Collaborative Effort Launches to Reduce Opioid Abuse and Misuse

Certainly there’s no lack of information on opioid abuse and misuse, but finding educational resources all in one place can be difficult.

Enter a new national education and awareness initiative, Allied Against Opioid Abuse (AAOA), which brings together a group of stakeholders to engage health care providers, including pharmacists, and the public in education about prescription opioids.

“AAOA will provide patients and health care providers with educational tools and resources to communicate effectively about pain management and potential risks, rights, and responsibilities to ensure that prescription opioids are used safely and appropriately when they are part of the treatment regimen,” said Ray Bullman, executive director of the National Council on
Patient Information and Education (NCPIE).

NCPIE is a partner in the program, along with other organizations, includ-ing the Healthcare Dis-tribution Alliance (HDA), the Caregiver Action Network, Mental Health America, the National Alli-ance of State Pharmacy Associations, and the PA Foundation. HDA is pro-viding the initial funding to support the formation of the coalition.

“We are working with AAOA to help solve this crisis one patient–health care provider conversation at a time,” said Bullman. Pharmacists can find free resources they can use to support patient edu-cation and counseling about opioids on AAOA’s website at againstopioidabuse.org.

Mission

In an effort to reduce the abuse and misuse of prescription opioids, AAOA states that it will:

  • Build national and local partner-ships to drive awareness among key constituencies (prevention, public health, health care, etc.).
  • Provide educational resources for distribution to patients at pharmacies.
  • Convene meetings with lead-ing national industry groups and local organizations to discuss new approaches to addressing the opioid crisis.
  • Promote take-back initiatives and disposal options across the United States.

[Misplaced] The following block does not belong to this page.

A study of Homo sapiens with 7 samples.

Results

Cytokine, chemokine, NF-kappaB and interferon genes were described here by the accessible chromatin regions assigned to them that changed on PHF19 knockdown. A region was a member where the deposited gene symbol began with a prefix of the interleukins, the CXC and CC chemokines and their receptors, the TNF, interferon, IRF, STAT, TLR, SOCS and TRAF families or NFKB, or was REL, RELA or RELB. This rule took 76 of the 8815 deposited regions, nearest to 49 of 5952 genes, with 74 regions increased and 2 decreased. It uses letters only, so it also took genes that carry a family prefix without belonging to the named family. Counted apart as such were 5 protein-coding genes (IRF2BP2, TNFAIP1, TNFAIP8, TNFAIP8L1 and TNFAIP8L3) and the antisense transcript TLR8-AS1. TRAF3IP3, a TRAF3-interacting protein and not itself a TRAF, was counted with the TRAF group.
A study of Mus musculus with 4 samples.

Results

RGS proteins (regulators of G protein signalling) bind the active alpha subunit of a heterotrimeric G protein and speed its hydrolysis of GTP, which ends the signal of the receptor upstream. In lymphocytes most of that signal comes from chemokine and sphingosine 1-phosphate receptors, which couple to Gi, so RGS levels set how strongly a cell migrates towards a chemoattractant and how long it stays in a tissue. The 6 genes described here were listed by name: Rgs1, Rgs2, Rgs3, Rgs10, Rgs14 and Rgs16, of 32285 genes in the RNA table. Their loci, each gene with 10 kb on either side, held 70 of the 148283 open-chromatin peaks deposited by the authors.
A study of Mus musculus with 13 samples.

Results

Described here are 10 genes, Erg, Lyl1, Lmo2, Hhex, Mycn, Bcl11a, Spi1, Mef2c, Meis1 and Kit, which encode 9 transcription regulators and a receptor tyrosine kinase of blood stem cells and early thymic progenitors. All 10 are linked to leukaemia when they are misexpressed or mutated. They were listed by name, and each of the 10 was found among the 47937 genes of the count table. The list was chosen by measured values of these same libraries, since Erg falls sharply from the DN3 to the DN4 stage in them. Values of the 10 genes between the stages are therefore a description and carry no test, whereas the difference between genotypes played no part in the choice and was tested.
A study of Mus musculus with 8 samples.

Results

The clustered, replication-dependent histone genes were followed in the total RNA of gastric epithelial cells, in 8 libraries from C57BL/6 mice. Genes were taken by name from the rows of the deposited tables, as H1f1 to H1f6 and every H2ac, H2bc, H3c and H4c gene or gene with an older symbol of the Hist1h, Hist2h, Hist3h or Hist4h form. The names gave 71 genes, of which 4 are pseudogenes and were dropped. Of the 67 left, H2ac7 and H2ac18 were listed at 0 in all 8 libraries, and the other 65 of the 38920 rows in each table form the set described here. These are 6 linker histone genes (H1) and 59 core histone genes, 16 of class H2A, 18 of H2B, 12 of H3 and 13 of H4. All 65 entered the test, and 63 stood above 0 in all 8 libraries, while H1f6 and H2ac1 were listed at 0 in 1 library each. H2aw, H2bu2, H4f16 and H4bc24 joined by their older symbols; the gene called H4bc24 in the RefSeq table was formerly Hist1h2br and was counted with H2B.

In addition to promoting these goals—and serving as a resource—AAOA also wants to raise awareness about patients’ rights, risks, and responsibilities related to their opioid prescription:

  • Rights: Patients have the right to know the full scope of pain relief options available to them, including non-opioid treatments. They should under-stand how their opioid prescription is dispensed and be aware of partial- ll options, which limit the number of tablets patients take home initially.
  • Risks: Prescription opioids carry serious risk of dependence, addiction, and overdose, especially with prolonged use. Patients should talk to their health care provider to make sure they understand the risks and potential adverse effects.
  • Responsibilities: Patients can help prevent misuse and abuse by storing their prescription opioids properly in a secure place. Patients also have the responsibility to safely dispose of any unused medication. AAOA resources will provide patients with the information they need to properly store and dispose of opioids.

AAOA also plans to support local and community-based programs that engage patients, health care providers, and the broader public health community in education and awareness activities to prevent prescription opioid abuse and misuse.

Resources for pharmacists

Some of the specific resources pharmacists can find on AAOA’s website to support patient education and counseling include 10 Things You Need to Know About Safe Disposal of Prescription Opioids and Other Medications; a state-by-state and national medicine disposal locator; FDA disposal guidelines; a safe storage of prescription opioids infographic/information sheet; and more. Pharmacists can sign up on the AAOA website to receive regular updates and to learn more.

This article was originally published in Pharmacy Today.